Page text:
Click below to access the recording of our informative webinar on 20 November 2019 where David Rogers MBE discussed historical security measures and failures of hundreds of years that can help instruct the future of security design for hardware in connected devices.

Click to watch

Embedded monitors detect, block and record attacks, prevent propagation

UltraSoC’s recently announced next-generation hardware-based cybersecurity product offering embeds advanced real-time cybersecurity features in the systems-on-chip (SoCs) that power and control every modern product. The first product in the range, the UltraSoC Bus Sentinel, allows SoC designers to control access to sensitive areas of their devices, instantaneously detect and block suspicious transactions, and build a long-term profile of system operation to secure against current and future cyber threats.

UltraSoC’s security solutions allow designers to incorporate an independent internal monitoring system into their chips. This continuously checks that the device is operating as expected, detecting anomalous behavior that might indicate a security breach. Because it is embedded in the hardware, it can respond in real time (in microseconds rather than the milliseconds required by traditional threat mitigation measures), is very hard to subvert or circumvent, and can even block “zero-day” type attacks that the chip’s designers have not anticipated. In addition to detecting and blocking cyber threats, it can be used to trigger actions that prevent propagation, and to provide a forensic “black box” record of events.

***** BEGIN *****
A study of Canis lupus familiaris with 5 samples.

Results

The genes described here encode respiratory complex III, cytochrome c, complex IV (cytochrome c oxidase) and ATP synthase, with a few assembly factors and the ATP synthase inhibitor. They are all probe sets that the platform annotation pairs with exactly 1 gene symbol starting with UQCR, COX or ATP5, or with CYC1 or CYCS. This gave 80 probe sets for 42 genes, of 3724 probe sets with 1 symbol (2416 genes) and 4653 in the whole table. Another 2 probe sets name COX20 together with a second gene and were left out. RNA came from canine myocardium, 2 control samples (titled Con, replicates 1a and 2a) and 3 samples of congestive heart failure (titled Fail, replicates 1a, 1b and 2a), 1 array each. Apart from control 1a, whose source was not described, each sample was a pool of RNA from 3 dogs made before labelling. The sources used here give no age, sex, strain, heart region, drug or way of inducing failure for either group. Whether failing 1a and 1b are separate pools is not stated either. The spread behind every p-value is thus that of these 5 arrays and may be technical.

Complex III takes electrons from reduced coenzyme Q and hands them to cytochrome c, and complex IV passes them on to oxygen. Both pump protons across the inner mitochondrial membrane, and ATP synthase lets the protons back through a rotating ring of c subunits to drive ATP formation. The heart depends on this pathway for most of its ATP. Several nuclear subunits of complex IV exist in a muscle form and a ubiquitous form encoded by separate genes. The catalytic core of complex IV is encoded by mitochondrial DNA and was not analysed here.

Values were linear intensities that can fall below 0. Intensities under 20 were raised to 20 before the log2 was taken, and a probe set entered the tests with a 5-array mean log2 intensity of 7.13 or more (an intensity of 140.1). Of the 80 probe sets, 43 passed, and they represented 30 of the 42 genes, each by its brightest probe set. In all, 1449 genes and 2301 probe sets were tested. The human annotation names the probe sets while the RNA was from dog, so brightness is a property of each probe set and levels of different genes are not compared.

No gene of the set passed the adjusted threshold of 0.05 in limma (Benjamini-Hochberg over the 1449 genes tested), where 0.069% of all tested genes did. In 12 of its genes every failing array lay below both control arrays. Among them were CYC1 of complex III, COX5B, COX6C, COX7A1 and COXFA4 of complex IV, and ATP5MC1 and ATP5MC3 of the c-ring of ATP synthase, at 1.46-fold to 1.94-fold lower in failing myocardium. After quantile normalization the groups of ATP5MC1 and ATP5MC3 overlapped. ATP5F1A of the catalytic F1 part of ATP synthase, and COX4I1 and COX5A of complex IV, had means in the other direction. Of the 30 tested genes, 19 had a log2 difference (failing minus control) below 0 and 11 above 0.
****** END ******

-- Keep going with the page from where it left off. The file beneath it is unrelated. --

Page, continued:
Click to read the full news release

Bare Metal Security™

 

UltraSoC allows SoC development teams to build an entirely new level of security functionality into their SoCs. Bare Metal Security features use UltraSoC on-chip monitors to watch for unexpected behaviors such as suspicious memory accesses or processor activity, at hardware speed and non-intrusively, with minimal silicon overhead.

Because Bare Metal Security features are implemented as hardware running below the operating system, they are non-intrusive and remain robust even if the system’s conventional security measures are compromised.

UltraSoC Bare Metal Security

Bare Metal Security tools can be used standalone or as a complement to traditional security mechanisms such as encryption and E-Fuse protection. The same gates can also be used for debug and performance profiling, accelerating SoC development and giving the development team an intimate understanding of just how their device operates under real conditions.

Because it is an orthogonal on-chip hardware infrastructure independent of the main system functionality and software, Bare Metal Security functionality does not affect system performance and is very difficult to subvert or tamper with. Bare-Metal Security features also provide visibility of the whole system, making it extremely difficult to camouflage or hide an attack. Although it functions below and outside of the operating system, the technology also provides a means of communicating with software on the device as part of a holistic security system, if this is necessary.

Security is a growing concern for manufacturers of all types of electronic equipment, from IoT-enabled devices such as white goods and smart sensors, to enterprise IT, communications and factory automation products. As well as enabling hardware-based security for larger, complex SoCs, Bare Metal Security can also be used in lean, cost-sensitive connected products like light bulbs and domestic thermostats, which it is impractical to protect via conventional means.

The technology is proof not only against malicious attacks, but also against inadvertent malfunctions – effectively providing “security of operation”. For example, aerospace systems are prone to memory corruption due to radiation hits (“single event upsets”), which can cause the system to enter an unexpected state. Because Bare Metal Security provides protection at the hardware level, it can protect against such events, either by raising an alert or forcing the SoC into a “safe” mode.

You can read more about Bare Metal Security in a Technical Note available from our downloads page.